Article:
Updated: Dec 25, 2019
Did you know that every professional coach will use plyometric training as one of his methods to get the team ready? Today, plyo box training is highly used by athletes and it’s recommended to everyone who wants to increase strength while improving mobility and overall athletic performance at the same time. So without further ado let’s see what plyometric training is good for!
What is Plyometrics Training?
Plyometrics (or plyo in short) is high-intensity interval training. Its main goal is to increase your speed and explosiveness. So let’s say you’re a basketball player or martial artist then plyo training is for you because it helps you to jump higher, sprint faster and react quicker.
Plyometrics is a form of jump training and is extremely effective when combined with HIIT. As a result, plyometric training is widely used in Crossfit and HIIT type of training.
There's even a study showing that plyometric exercise in combination with HIIT routine improves metabolic rate, increases muscle growth and helps your body to effectively burn more fat. That means, not only you're burning more calories, but you also improve your power and explosiveness. Start with incorporating at least 20% plyometrics training in your regular HIIT workout days and see the results yourself!
The Downsides of Plyometrics Training
In simple words, plyometrics is a form of jump training so you'll have to be really careful, especially if you're a beginner. Warm-ups are extremely important making sure that your body is heated-up and your joints are mobile, ready for motion. You have to gradually increase the intensity and hardness or your workouts while decreasing stress on the joints as much as possible.
A good rule of thumb is to land as quietly as possible, with a straight back and your knees facing out (never on straight legs).
What Plyometrics Equipment You'll Need?
Good thing is that you don't need extensive plyometrics equipment at home - just a simple plyometric jump box will do just fine! Plyo box training is considered to be one of the most multi-functional routines of all. Plyo box exercises include anything from jumping-up-and-down to push-ups, dips, step-ups and more. It’s hard to find the best plyo box but there are mainly 3 kinds:
Wooden plyo box is the most common plyo jump box. It’s usually well constructed and stable (just watch out from splinters);
Foam plyo box (or soft plyo box) will be much softer than wood. It decreases the risk of injury and assures soft landing in case you have sensitive joints. The soft plyo box is bigger than the wooden one so it will take a bit more space when storing;
Adjustable plyo box is more advanced plyometric jump box because you can adjust the heights, hence make it harder for yourself. Adjustable plyo boxes are highly durable as normally they're made out of steel.
Personally, I love how creative you can get with plyo box workouts. Besides, there’s always the option of adding weights to make it harder. It’s a great mix of strength and speed training in a multifunctional and affordable way. A proper plyo box workout will work your full body because it activates the major muscular areas in your body and boosts your overall fitness level. For inspiration, check out these effective plyo box exercises for intermediates. For beginners, especially female beginners, I would recommend this plyometrics routine.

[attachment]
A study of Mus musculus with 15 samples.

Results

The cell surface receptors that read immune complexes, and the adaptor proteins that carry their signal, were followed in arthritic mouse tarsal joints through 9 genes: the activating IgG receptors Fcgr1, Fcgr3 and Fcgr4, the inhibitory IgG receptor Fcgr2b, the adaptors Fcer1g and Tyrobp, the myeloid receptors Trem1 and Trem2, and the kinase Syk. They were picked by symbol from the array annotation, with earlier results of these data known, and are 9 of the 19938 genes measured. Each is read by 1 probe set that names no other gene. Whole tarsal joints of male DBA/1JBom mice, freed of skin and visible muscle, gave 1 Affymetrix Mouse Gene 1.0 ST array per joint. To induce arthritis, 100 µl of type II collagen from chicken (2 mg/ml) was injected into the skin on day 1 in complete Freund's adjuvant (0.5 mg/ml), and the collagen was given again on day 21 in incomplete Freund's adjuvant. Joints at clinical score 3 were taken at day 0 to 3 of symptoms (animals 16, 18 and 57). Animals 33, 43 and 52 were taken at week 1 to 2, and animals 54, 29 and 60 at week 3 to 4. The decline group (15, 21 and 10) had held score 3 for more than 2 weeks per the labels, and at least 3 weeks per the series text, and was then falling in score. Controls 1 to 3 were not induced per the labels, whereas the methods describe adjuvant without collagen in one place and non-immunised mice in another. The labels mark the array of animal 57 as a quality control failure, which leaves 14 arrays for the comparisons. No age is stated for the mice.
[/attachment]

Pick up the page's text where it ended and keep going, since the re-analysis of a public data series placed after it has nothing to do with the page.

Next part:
How to Start Plyometrics Training?
The effect of plyometrics starts when you're stretching your muscles and then recoil (think of exercises like squat jumps or bounce push-ups). Correctly executed plyometrics can increase your strength, improve speed and most importantly prepare your joints for contact (aka prevent injuries).
Start with incorporating at least 20% plyometrics training in your regular HIIT workout days and see the results yourself.
Similarly to calisthenics, the best way to start plyometric training is by getting the basic polymetric exercises as clean as possible. Start with exercises like landing vertical jumps, bounce push-up, squat jumps, split-jumps, burpees, etc. before moving over to semi-athlete routines. You can find plenty of bodyweight polymetric routines online, however, your training quality will improve if you'll order a plyometric jump box and start looking at harder workouts. Besides, the box doesn’t take a lot of space and you only need just that box to go all-in on your plyometrics. Your aim should be to go for a bigger range of motion and increase explosiveness.
So get the basics down before moving on to advanced plyometric routines. Over time, you'll see a dramatic improvement in your mobility, and ultimately be more elastic and always ready for a quick start. I'm sure that greater mobility is not just what an athlete desires! And if you liked this article then make sure to check out the one on calisthenics. It's also non-classical gym but very effective!